We attempt to release Ique in the same year as we harvest the grapes used for it, as we intend it to be a fresh, young, unoaked wine which will improve slightly with age but is not meant to be laid down.
Intense ruby-red with violet hints in color, it possesses fruity aromas which remind one of fresh red fruits and white pepper. Firm structure, soft lush tannins and satisfying end.
Enrique Foster Winery
Presently Bodega Enrique Foster possesses two vineyards located in the Lujan de Cuyo, Mendoza, Argentina. The vineyards sit at an elevation of 3,000 feet above sea level on the eastern flank of the Andes, with hot days, cold nights and little rain.
The construction of the cellars began by digging out a huge crater of more than 6000 cubic meters to create cellars which will accommodate up to 2000 barrels. The cellars were then totally buried under tons of earth and highly-insulating pumice stone to assure a constant temperature and humidity ideal for the ageing of our Malbec without the use of air conditioning.
View all Enrique Foster Wines
Now fifth in the world for wine production, Argentina is catching up in the quality wine sector. A long time wine producer, Argentina used to make wine in order to drink it, not export it. And so the wines produced were quaffable and rustic and made for the local's everyday dinner. Yet it's hard not to get caught up in the wine market of the world and some winemakers decided it was time for Argentina to show their stuff. Better winemaking technology was brought in, new winemaking techniques were learned and good viticulture practices flourished. The result? World-class wines with unique style and variety.
Unlike its Chilean neighbor, Argentina's vineyards are spread out around the country. The best known region is Mendoza, almost parallel to Santiago to the west. Mendoza contains the sub-regions of Maipu (pronounced MY-pu) and San Rafael. Grape-wise, the most important white is Chardonnay, making wine similar to California's style on the variety. Another fun white grape to try is Torrontes. Almost only grown in Argentina, Torrontes makes wines that are crisp, aromatic and easy-drinking. Some of the best versions of this wine come from the northern region of Salta, with very high altitude vineyards. As for the reds, Cabernet Sauvignon is the main grape for many wines leaving the country, but Malbec, the grape Argentinians like to call their own, makes very distinctive wines that are structured, dense and velvety. Many more varieties happily grow in the country, but for export, and consistent quality, these are the primary grapes.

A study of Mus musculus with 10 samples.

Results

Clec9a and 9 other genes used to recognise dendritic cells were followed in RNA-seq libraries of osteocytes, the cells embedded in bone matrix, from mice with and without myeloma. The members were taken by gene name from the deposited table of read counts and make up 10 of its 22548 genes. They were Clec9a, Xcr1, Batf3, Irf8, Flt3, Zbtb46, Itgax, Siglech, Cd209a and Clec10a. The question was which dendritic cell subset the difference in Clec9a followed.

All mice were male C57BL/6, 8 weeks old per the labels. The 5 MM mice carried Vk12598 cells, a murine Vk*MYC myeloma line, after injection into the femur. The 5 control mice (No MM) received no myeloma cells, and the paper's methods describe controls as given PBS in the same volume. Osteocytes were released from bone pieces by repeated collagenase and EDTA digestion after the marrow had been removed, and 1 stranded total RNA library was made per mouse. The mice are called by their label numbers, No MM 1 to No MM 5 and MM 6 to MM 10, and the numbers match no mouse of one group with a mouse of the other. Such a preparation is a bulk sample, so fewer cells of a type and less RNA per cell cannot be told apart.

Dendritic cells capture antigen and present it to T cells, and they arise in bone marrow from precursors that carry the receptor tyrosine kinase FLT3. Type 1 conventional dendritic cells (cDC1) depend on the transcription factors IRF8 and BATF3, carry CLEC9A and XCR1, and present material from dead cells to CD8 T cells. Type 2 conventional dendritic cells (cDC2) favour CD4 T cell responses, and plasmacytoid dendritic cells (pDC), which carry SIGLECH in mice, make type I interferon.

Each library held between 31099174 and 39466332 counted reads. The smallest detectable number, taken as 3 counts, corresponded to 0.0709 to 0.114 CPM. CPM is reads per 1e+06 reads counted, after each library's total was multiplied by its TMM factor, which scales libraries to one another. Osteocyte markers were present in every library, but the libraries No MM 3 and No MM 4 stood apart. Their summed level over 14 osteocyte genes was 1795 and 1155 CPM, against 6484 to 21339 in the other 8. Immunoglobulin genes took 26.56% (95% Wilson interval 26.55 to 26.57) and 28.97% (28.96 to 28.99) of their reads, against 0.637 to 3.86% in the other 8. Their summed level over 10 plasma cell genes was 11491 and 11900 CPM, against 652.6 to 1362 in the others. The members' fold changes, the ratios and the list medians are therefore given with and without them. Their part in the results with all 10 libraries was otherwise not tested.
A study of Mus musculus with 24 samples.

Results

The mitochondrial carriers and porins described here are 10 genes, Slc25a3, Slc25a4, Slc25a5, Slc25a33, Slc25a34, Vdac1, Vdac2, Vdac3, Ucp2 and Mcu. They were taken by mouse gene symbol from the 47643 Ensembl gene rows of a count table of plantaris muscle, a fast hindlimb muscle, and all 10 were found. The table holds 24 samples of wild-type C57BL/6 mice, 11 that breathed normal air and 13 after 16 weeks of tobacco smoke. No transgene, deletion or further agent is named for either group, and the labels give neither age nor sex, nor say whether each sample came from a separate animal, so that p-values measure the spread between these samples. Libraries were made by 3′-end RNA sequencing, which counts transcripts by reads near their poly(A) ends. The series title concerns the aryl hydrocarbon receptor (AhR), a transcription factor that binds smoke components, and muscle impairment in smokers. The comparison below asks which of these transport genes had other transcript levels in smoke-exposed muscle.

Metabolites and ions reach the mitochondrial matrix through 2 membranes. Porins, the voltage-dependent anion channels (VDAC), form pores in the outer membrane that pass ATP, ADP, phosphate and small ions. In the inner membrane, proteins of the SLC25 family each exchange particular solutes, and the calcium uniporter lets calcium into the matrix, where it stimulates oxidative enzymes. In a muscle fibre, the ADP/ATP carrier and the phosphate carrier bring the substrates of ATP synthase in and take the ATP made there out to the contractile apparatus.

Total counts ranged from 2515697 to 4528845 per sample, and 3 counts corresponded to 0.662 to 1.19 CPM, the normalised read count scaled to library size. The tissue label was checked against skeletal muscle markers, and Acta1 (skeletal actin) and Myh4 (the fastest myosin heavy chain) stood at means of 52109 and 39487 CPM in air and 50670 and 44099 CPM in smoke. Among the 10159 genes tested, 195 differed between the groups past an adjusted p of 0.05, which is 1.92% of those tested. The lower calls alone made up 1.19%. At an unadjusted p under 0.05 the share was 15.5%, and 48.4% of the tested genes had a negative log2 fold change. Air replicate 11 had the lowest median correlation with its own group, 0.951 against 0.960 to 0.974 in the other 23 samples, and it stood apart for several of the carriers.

Young, organically farmed Carmenère at Chile's De Martino estate vineyard
Chile & Argentina are the regions producing the most wine coming out of the continent. The wines from this area are good value with a distinctive taste. They create new world wines with old world character.
Most wine ranges from 10-16% alcohol by volume. Some varietals tend to have higher (for example Zinfandel and Cabernet Sauvignon) or lower alcohol levels (Pinot Noir and many white varietals), but there is always some variation from producer to producer. Some wine falls outside of this range, for instance Port weighs in closer to 20%, while Muscat and Riesling are usually a bit below 10%.
Wine Style Guide
Light & Crisp
Light to medium bodied wines that are high in acid and light to medium fruit. Typically no oak.
Fruity & Smooth
Light to medium bodied wines with lots of juicy fruit, typically medium acid and medium oak.
Rich & Creamy
Full bodied wines that have typically undergone malo-lactic fermentation and/or spent time in oak.